How to Make a Sales Funnel in Excel – Or Should You?

How to make a sales funnel in Excel

To successfully market your business and sell products, you need to analyze your results on a regular basis. Many businesses use sales funnels to accomplish just that.

A sales funnel is a type of graph that gives you an overview of how many prospects are currently on their way to becoming your customers, and how well they convert from one stage into the next. If you want to use this chart to analyze your marketing success, you may be wondering how to make a sales funnel in Excel. But should you actually do that? That’s an entirely different question.

how to make a sales funnel in excel

What is a Sales Funnel?

As explained above, a sales funnel showcases the entirety of your prospects in the various stages of becoming customers. Within a single chart, you can look at how many leads your sales team needs to contact, how effective your ecommerce email marketing efforts are, and how many sales can be expected in the near future.

The funnel part explains the shape of the chart, which funnels down your prospect from the early awareness stage all the way to sales-qualified leads and current customers. Between these two end points, there are a number of stages – typically including prospects and leads. Each stage includes less members than the prior stage, ultimately explaining how a large target audience can funnel down to your current customers.

How to Make a Sales Funnel in Excel

By default, Excel is not set up to create a sales funnel for you. Instead, if you want to know how to make a sales funnel in Excel, you need to start with an externally-created template. Typically, this does not include automatic calculation based on dynamic numbers plugged into charts, but the simple exercise of manually drawing out each stage and plugging in the numbers.

Drawbacks of Creating a Sales Funnel in Excel

Due to the manual process of creating each stage and plugging in numbers, producing a sales funnel in Excel may not be your best bet. Nothing is dynamic: relying instead on creating and adjusting both the graphic and the numbers whenever something changes.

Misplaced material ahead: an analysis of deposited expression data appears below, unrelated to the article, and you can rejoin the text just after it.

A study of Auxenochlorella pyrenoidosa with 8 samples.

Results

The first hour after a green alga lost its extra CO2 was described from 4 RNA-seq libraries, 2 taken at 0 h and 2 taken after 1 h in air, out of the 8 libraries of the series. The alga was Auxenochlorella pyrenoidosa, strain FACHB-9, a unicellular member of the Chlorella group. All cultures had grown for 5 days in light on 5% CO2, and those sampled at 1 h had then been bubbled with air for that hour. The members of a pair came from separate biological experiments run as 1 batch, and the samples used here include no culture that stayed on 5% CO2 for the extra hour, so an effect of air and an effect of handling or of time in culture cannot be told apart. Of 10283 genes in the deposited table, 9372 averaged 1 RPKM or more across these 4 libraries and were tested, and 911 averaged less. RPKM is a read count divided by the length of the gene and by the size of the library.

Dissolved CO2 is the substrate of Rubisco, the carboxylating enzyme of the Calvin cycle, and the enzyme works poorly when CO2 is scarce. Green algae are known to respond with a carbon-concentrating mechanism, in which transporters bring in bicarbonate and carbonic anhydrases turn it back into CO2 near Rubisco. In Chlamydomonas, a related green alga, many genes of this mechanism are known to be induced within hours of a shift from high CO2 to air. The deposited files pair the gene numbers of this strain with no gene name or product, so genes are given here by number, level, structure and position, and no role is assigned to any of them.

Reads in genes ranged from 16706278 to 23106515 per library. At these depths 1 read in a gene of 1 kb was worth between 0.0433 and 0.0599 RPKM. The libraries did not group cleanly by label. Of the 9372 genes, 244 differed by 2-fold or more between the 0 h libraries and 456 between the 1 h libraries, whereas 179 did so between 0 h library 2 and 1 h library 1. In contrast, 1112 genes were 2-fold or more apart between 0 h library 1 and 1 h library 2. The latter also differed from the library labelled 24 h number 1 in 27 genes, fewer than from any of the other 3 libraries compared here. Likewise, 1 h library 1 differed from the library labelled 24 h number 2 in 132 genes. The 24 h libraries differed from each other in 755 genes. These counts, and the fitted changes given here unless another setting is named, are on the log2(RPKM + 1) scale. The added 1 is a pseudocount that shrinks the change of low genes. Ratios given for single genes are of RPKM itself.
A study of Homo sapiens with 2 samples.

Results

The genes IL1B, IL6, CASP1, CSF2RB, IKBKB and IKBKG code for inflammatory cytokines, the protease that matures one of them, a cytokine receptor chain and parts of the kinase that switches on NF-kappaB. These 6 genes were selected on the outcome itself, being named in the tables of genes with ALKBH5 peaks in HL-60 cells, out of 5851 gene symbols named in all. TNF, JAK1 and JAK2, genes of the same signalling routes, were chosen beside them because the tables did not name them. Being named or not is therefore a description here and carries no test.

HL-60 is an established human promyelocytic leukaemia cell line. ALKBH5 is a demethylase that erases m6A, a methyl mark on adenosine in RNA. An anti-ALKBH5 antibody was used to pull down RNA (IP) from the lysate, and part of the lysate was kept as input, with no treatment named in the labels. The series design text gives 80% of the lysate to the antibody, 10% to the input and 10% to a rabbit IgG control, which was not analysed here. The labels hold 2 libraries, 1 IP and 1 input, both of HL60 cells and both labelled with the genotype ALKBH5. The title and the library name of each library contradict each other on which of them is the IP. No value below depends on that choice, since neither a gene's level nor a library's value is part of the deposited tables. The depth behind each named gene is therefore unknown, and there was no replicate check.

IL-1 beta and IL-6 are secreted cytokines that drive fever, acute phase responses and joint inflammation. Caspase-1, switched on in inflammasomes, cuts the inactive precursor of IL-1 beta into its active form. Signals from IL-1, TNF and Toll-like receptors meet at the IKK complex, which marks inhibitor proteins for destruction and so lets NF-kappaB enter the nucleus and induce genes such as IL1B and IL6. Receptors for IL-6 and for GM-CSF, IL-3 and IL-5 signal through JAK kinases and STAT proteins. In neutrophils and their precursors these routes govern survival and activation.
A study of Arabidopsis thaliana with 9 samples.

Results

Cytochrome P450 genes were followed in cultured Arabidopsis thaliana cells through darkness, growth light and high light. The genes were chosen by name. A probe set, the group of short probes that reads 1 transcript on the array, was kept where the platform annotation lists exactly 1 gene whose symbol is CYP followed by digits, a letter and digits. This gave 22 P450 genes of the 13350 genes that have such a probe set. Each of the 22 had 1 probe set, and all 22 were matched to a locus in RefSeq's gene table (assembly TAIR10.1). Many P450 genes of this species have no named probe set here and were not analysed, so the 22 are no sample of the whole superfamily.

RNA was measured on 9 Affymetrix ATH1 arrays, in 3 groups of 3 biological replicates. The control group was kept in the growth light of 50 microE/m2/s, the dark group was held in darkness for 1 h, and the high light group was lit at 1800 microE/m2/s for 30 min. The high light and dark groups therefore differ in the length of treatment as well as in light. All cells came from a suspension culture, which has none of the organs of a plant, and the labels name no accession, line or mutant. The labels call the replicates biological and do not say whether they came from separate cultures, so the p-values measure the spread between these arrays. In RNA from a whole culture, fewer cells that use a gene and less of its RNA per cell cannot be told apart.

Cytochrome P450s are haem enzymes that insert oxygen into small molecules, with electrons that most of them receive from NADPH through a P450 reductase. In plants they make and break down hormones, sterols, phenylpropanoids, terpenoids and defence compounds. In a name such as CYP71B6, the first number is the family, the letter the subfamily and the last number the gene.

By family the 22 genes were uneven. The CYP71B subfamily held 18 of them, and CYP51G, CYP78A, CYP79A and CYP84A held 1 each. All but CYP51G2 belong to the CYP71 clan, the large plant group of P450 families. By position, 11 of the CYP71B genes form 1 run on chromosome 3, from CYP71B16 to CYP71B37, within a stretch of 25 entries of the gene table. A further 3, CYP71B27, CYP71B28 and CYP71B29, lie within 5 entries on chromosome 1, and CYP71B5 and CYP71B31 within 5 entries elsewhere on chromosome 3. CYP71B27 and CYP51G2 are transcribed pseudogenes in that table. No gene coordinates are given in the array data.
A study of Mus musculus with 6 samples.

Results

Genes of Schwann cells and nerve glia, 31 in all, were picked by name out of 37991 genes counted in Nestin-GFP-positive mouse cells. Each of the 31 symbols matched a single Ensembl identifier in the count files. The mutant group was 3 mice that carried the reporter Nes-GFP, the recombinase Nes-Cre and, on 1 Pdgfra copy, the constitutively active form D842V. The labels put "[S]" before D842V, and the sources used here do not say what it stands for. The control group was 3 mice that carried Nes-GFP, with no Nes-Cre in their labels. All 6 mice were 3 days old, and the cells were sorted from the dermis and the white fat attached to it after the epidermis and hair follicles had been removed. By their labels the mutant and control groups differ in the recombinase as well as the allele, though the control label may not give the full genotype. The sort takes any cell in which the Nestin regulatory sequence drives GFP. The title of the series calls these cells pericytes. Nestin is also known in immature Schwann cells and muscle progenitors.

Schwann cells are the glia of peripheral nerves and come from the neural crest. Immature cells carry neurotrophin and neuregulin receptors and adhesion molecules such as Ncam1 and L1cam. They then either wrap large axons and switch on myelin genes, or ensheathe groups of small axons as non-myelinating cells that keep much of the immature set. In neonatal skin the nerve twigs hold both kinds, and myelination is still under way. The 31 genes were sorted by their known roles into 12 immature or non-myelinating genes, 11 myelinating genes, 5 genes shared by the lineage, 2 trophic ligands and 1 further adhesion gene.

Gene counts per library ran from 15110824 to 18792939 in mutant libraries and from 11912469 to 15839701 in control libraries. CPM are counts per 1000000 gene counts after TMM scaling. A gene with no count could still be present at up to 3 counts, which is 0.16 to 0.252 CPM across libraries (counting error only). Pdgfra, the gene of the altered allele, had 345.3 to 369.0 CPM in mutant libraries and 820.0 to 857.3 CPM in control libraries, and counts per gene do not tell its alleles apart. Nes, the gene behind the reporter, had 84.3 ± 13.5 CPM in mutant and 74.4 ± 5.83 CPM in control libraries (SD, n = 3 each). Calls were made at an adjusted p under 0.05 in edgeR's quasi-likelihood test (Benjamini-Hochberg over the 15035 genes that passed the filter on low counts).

Once you think of the benefits of a sales funnel, the drawbacks of this method become increasingly obvious. You want and need your sales funnel to determine how your marketing and sales efforts are advancing. In other words, it offers a snapshot into your current efforts, which allows you to make predictions on forthcoming sales as well as insight into which funnel stage needs additional support.

With a manual sales funnel like the one you can make in Excel, continuous analysis is impossible. The chart is nothing more than a graphic representation on past numbers, rather than a forward-facing analytics tool. That’s great if you need to include it in a presentation to stakeholders, but less effective as an actual, current estimation and measurement of your marketing and sales efforts.

Knowing Your Alternatives

To recap: sales funnels are great, but you should not attempt to make one in Excel if you want to maximize its effectiveness. That leaves one final question: how can you create a dynamic chart that can actually help you analyze and improve your business?

Luckily, your options vary wildly. Intercom, for example, allows you to communicate with current and potential customers while simultaneously allowing you to track their data and generate a sales funnel in real time. Similarly, Streak is a simplistic Customer Relationship Management system that connects to your Gmail inbox and allows you to analyze customer interactions and sales funnel stages.

Of course, you also have the option of going with Bizzy. Especially if you are in the ecommerce B2C industry and are looking to analyze your potential customer data in the form of a sales funnel. Our services go beyond ecommerce email marketing: helping you analyze your efforts and grow your business. Contact us to learn more about our methods to help you go beyond static data and maximize your success.